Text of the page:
Buying a Smallholding is in 3 parts, this is part two covering the amount of land required for a smallholding and the quality of that land.
This article is based on The Smallholder's Manual by Katie Thear, published by Crowood and is basically an extract styled for the web. Katie & David ran their smallholding at Broad Leys for 13 years along with publishing magazines and writing. Our logo is based on the main house at Broad Leys.
The quality of land varies from one area to another. It may be heavy clay, quick-draining sand, thin chalky soil, acid peat or, if you are lucky, a friable medium-loam soil.
The better soil will grow better crops, and this fact is usually reflected in the comparative land values, with the best agricultural land fetching the highest prices.
The agriculture ministry of most countries publishes land classification maps that indicate the type and quality of soils in the different regions. In the USA, there are 18,000 different types of soil, but the local extension agent will provide information specific to an area. In Britain, agricultural land is classified into five grades.
Soil testing will establish the type and nature of the soil, as will an examination of the prevalent weeds: for instance, rushes, Juncus species, denote waterlogging, while a profusion of sheep’s sorrel, Rumex acetosella, is a sure sign of an acid soil. It is a good policy to observe what neighbouring farmers are doing with their land, because if they are dependent upon it for their livelihoods, you may be certain that they are not growing crops totally unsuited to the environment.
The best quality: suitable for most uses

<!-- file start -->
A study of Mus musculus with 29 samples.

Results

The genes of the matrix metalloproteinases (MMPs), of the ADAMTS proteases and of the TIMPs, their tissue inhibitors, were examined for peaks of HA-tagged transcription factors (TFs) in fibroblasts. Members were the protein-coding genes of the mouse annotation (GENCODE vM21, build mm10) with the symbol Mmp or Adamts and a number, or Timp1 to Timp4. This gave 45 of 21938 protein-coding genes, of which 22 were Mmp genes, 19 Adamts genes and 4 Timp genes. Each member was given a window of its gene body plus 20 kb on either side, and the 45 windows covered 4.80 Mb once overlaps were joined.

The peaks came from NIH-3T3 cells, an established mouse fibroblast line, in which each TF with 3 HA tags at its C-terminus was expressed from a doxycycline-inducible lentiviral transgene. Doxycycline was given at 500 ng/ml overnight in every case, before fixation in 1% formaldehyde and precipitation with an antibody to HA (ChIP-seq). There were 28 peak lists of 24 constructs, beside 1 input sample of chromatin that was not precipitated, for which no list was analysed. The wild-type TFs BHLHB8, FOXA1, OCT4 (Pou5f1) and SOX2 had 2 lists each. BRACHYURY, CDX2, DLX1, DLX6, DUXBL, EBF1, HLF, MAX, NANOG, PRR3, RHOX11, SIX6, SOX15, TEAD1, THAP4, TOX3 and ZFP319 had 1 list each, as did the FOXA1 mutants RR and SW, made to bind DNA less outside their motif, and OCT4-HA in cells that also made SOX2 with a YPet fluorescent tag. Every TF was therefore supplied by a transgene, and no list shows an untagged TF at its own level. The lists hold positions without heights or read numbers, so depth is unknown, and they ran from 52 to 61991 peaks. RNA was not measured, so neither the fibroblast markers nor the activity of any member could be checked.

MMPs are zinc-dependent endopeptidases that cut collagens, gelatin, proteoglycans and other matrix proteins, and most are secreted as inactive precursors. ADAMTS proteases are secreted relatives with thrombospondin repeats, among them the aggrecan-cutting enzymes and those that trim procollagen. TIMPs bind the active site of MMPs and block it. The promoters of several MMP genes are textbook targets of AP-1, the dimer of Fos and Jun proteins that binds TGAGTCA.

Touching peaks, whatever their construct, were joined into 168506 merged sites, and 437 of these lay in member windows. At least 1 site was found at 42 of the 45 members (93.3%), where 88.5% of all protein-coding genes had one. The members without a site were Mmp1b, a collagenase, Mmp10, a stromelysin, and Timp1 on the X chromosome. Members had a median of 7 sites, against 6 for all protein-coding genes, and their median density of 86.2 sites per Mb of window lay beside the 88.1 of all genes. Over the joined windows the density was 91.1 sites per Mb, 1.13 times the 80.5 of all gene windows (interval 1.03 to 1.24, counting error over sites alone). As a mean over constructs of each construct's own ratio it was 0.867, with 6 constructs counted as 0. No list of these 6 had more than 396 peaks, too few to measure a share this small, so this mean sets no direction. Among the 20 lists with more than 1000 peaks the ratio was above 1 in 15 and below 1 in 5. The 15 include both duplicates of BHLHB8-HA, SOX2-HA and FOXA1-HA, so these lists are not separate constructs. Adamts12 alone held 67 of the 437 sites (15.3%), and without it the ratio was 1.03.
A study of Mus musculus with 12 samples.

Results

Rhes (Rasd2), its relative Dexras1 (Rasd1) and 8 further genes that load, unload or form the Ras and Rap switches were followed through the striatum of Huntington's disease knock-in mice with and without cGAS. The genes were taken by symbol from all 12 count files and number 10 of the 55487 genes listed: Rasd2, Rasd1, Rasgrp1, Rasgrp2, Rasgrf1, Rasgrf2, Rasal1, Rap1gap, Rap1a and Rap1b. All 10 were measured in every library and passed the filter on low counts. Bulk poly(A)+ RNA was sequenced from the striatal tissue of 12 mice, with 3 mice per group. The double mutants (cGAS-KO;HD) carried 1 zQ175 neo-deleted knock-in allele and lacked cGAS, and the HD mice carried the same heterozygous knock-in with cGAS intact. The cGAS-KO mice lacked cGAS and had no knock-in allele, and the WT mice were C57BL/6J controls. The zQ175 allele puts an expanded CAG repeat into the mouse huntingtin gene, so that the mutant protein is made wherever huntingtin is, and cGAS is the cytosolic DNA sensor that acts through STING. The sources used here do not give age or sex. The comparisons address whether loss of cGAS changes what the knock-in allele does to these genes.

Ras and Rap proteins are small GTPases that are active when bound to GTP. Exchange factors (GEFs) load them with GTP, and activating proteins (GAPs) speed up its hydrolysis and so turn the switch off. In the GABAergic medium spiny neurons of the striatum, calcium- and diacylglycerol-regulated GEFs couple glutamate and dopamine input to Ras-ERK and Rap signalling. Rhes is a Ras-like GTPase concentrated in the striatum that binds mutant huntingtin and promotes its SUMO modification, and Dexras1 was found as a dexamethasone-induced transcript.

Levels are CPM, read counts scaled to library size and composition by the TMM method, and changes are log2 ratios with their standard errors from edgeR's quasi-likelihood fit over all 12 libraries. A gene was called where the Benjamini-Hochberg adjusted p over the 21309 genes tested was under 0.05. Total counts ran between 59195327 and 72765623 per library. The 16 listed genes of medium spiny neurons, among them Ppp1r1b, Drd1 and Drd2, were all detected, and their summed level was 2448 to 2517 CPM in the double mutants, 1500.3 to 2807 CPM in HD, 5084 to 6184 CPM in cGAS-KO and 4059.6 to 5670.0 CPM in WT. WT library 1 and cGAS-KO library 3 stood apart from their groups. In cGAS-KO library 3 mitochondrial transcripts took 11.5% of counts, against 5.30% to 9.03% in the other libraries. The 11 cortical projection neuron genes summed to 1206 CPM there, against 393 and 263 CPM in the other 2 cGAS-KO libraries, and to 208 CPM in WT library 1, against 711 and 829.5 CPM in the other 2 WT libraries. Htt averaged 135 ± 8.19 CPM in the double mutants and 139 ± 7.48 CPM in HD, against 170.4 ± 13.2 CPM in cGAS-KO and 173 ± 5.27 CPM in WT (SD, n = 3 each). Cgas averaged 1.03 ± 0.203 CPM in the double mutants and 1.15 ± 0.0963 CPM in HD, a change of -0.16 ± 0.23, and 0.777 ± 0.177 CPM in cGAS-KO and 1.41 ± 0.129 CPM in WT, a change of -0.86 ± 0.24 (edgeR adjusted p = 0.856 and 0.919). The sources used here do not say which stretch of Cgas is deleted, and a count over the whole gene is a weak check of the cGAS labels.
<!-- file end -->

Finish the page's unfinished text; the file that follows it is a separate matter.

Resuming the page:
Problems may be encountered with some root crops, eg, carrots
Suitable for grazing and cereals
Rough grazing only
How much land is required for a smallholding? This is rather like the question of how long is a piece of string, since it depends on what the owner wishes to do with the land, and how much money is available. A great deal can be achieved on a relatively small area of land, and it is generally true that the less land one has, the more carefully managed and productive it is in relation to its size. There is far more wastage involved where a large acreage is concerned.
A large garden can have a productive kitchen garden, greenhouse and hives of bees, as well as rabbits, chickens or ducks. As part-time activities, these can provide a certain amount of supplementary income, as well as providing for one’s own situation.
A small field adjoining a garden would enable a couple of dairy goats to be kept, or a few pigs to be reared. A hectare (just under 2.5 acres) with good pasture would allow a small breeding flock of sheep to be kept, while 2 hectares (5 acres) and over would cater for larger livestock such as a cow and calf, llamas or alpacas, or an organic enterprise.
Four hectares (around 10 acres) makes possible the growing of hay, with perhaps space given to a cereal crop or a range of forage crops for the livestock. A part of this might also be used for an orchard, woodlot or wood coppicing area.
It is easy to forget the pasture requirements of grazing animals. It is not enough that there is a certain area of grassland: there needs to be enough to allow for rotational grazing, so that as one area is used up, fresh ground is made available while the first is left to rest and recover.
If hay is to be made, this represents even more pasture. Some smallholders find it more economic to use or rent out their grassland for grazing, while buying in hay for their own use.
The time and energy factors should not be overlooked. If priority is given to earning a living, there may be little of either to spare for looking after a collection of animals.
Our 1.75 hectare (2 acre) site was used as follows: two goats, chickens, ducks, geese and bees were permanent residents, while pigs and a couple of sheep were reared for limited periods, but at different times.
Our paddock was used for rotational grazing for the goats and geese, while the hens free-ranged in the orchard. The ducks ranged on the lawn area, as did the geese from time to time.
We aimed to cover all the feeding and other costs and provide for ourselves, but not to make a profit, as our income came from another source. The diagram (above) shows the theoretical possibilities of a larger smallholding run on a part-time basis, with an income coming from another source.
These are obviously guidelines only, for a great deal depends upon the land, the inclinations of the owner, and the amount of time and capital available.